All you want to know about Credit Linked Subsidy Scheme

Bavadharini KS | Updated on January 28, 2020 Published on January 28, 2020

With the real estate sector going through difficult times, expectations run high on the Budget doling out more sops to revive the sector, particularly for Pradhan Mantri Awas Yojana (PMAY), the affordable housing scheme. One of the key schemes through which the Centre has been trying to push demand for affordable housing is the credit linked subsidy scheme (CLSS) which offers an interest subvention on low-ticket housing loans.

What is it?

The CLSS is the only scheme under the PMAY (Urban) which is directly implemented by the Centre. Through this scheme, the Centre provides direct subsidy on home loans taken by urban buyers of affordable homes, with incomes below specific thresholds. The benefits are targeted at individuals from economically weaker sections (EWS), the lower income group (LIG) andthe middle income group (MIG).

Under this scheme, individuals purchasing a new affordable home can get interest concessions of 3-4 per cent on the amount borrowed, subject to some conditions. The subsidy is calculated as the present value of interest savings on home loans over the entire tenure of the loan, capped at a maximum of ₹2.35 lakh.

This subsidy is deducted from the principal dues of the borrower, reducing the amount of EMIs payable.

For getting the subsidy, the borrower has to submit a self-declaration on the income and title of the property to be acquired, to the lender who verifies these details.

Though the banks are supposed to give immediate credit to the borrower, the lender gets subsidy amount only after the claim is processed by the nodal agency with which it is registered. Recent reports suggest delays in receipt of subsidy by the lenders, leading to poor interest in promoting it.

Why is it important?

While owning a house is every individual's dream, high property prices have kept homes out of buyers' reach in India. With the affordable housing segment gaining traction both from developers and home buyers, and the CLSS helping the process, the gap between home buyer aspirations and what’s available in the market could narrow.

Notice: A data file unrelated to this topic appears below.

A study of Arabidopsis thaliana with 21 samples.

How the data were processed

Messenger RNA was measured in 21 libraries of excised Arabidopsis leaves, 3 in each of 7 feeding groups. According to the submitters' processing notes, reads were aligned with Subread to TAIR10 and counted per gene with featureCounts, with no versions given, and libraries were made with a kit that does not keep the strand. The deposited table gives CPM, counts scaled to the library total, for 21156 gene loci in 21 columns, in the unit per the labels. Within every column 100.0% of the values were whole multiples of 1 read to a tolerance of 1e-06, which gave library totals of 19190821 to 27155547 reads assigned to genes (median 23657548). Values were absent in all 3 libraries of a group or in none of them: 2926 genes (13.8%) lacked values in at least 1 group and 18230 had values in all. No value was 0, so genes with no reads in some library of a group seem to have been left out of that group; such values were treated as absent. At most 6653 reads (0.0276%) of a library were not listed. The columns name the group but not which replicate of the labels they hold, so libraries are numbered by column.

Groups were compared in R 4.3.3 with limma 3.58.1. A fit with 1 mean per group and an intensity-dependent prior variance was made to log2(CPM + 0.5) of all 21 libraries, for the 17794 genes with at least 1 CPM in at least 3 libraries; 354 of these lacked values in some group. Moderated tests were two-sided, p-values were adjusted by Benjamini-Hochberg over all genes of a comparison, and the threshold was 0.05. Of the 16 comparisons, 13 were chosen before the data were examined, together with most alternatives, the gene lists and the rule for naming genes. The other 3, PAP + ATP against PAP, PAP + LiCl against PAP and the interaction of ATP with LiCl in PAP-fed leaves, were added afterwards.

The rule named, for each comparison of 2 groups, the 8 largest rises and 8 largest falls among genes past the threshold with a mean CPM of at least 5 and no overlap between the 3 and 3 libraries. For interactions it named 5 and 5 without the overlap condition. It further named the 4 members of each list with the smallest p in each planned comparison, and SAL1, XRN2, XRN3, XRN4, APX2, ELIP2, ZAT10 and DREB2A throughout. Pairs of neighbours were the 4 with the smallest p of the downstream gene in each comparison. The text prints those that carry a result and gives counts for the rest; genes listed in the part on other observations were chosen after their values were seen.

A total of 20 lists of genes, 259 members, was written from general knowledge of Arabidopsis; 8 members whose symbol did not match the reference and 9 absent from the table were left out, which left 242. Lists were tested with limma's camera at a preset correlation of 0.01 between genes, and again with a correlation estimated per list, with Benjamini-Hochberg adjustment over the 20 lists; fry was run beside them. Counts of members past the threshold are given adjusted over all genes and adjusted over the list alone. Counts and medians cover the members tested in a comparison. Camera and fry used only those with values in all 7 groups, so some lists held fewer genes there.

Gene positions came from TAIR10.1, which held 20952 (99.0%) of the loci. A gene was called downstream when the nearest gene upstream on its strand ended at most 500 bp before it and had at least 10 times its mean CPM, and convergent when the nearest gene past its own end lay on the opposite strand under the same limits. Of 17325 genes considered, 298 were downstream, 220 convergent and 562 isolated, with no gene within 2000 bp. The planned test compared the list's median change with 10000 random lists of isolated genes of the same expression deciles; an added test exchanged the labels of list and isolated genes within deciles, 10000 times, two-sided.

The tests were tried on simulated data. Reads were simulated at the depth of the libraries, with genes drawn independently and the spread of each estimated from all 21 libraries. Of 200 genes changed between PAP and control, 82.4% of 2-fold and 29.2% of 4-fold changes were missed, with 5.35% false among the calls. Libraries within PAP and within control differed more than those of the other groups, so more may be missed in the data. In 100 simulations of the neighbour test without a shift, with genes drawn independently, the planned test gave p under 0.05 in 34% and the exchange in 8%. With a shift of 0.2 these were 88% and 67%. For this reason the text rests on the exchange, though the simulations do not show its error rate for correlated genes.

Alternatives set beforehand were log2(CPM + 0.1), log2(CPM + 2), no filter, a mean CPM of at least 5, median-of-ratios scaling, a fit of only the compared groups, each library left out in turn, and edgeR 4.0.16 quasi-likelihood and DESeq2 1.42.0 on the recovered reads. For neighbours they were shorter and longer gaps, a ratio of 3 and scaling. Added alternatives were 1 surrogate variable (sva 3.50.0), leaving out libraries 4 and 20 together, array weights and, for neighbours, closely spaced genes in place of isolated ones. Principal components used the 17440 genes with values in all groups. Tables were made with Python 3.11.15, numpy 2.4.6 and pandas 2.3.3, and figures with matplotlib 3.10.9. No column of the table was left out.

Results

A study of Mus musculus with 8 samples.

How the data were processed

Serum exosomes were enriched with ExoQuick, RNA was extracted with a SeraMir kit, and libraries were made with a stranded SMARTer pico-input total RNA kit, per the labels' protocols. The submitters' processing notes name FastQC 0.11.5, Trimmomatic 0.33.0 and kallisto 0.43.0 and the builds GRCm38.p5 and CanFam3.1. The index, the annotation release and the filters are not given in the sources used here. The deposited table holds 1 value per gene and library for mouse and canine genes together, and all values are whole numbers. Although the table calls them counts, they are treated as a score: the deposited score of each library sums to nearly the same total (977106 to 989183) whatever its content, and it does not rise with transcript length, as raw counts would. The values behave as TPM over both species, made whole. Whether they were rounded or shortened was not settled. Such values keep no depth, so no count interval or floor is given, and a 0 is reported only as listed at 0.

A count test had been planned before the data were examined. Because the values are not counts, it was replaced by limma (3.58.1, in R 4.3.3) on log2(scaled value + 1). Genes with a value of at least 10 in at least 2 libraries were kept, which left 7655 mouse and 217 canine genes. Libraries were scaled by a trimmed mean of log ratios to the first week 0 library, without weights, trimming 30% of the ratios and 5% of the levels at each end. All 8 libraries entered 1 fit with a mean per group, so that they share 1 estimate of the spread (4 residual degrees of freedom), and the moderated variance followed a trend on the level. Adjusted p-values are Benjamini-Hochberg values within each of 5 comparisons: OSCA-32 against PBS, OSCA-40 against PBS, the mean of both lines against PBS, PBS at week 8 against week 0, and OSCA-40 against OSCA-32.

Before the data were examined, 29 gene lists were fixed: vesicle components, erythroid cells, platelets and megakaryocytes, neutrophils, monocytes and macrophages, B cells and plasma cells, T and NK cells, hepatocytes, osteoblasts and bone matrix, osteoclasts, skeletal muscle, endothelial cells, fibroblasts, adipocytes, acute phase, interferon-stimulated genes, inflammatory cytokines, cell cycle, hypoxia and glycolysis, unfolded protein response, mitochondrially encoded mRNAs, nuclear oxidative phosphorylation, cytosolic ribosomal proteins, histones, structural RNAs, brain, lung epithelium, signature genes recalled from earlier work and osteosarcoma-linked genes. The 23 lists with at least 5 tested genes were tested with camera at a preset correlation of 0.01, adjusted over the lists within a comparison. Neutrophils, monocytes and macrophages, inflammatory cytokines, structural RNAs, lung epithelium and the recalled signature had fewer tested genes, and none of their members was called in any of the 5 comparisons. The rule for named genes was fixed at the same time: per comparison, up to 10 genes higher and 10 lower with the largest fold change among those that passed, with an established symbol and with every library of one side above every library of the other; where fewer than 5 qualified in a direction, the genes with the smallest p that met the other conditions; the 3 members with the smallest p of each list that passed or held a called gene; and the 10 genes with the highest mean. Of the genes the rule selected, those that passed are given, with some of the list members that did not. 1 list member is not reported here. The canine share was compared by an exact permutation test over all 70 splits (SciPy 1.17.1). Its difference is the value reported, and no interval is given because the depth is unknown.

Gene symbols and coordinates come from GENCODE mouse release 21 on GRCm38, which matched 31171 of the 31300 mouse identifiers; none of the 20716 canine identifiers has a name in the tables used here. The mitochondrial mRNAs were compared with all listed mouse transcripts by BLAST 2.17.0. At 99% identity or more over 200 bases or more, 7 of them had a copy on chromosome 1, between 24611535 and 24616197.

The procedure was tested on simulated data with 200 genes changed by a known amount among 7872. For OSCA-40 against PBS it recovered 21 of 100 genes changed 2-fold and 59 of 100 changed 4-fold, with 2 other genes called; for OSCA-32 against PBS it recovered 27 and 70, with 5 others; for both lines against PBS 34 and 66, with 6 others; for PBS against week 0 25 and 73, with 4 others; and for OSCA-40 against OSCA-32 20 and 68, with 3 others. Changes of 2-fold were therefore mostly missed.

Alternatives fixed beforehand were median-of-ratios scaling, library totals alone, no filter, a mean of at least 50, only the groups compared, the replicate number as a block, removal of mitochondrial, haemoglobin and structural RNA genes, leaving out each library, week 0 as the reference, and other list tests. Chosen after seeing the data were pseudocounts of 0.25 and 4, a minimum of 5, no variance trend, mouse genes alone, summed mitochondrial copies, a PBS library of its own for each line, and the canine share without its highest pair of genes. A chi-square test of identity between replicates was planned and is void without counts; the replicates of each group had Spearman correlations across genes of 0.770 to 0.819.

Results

Given that the real estate sector is reeling under a slowdown due to lack of demand, high unsold inventories and high property prices, developers have started launching more projects in the less than ₹1 crore segment. Last year saw nearly 40 per cent of project launches in the affordable housing segment, according to a report by property consultant Anarock.

The subsidy scheme has seen a notable rise in beneficiaries according to the annual report of the Ministry of Housing & Urban Affairs.

There were 5,67,950 beneficiaries to whom a subsidy of ₹12,717 crore had been disbursed until March 2019. This amount had been ₹1,684 crore in March 2018 (83,334 beneficiaries).

Why should I care?

If you are an affordable home buyer falling under any of the above income categories, then CLSS can help you shave a good bit off your EMIs.

But it comes with caveats. For one, this benefit is available to borrowers in four income segments — MIG I (₹6-12 lakh), MIG II (₹12-18 lakh), LIG (₹3-6 lakh) and EWS (up to ₹3 lakh). Two, in addition to income levels, the subsidy is subject to carpet area limits on the property you buy, at 200 square metres for MIG II, 160 sq.m for MIG I, 60 sq.m for LIG and 30 sq.m for EWS. Three, the maximum loan on which CLSS can be availed of is ₹12 lakh for MIG II, ₹9 lakh for MIG I, ₹6 lakh for EWS/LIG. Finally, all houses constructed or purchased under PMAY will need to be the first house owned by the beneficiary.

The bottomline

Have you been fretting about why only farmers and BPL families get subsidies? Buy an affordable home, meet the eligibility criteria and you can pocket a subsidy too.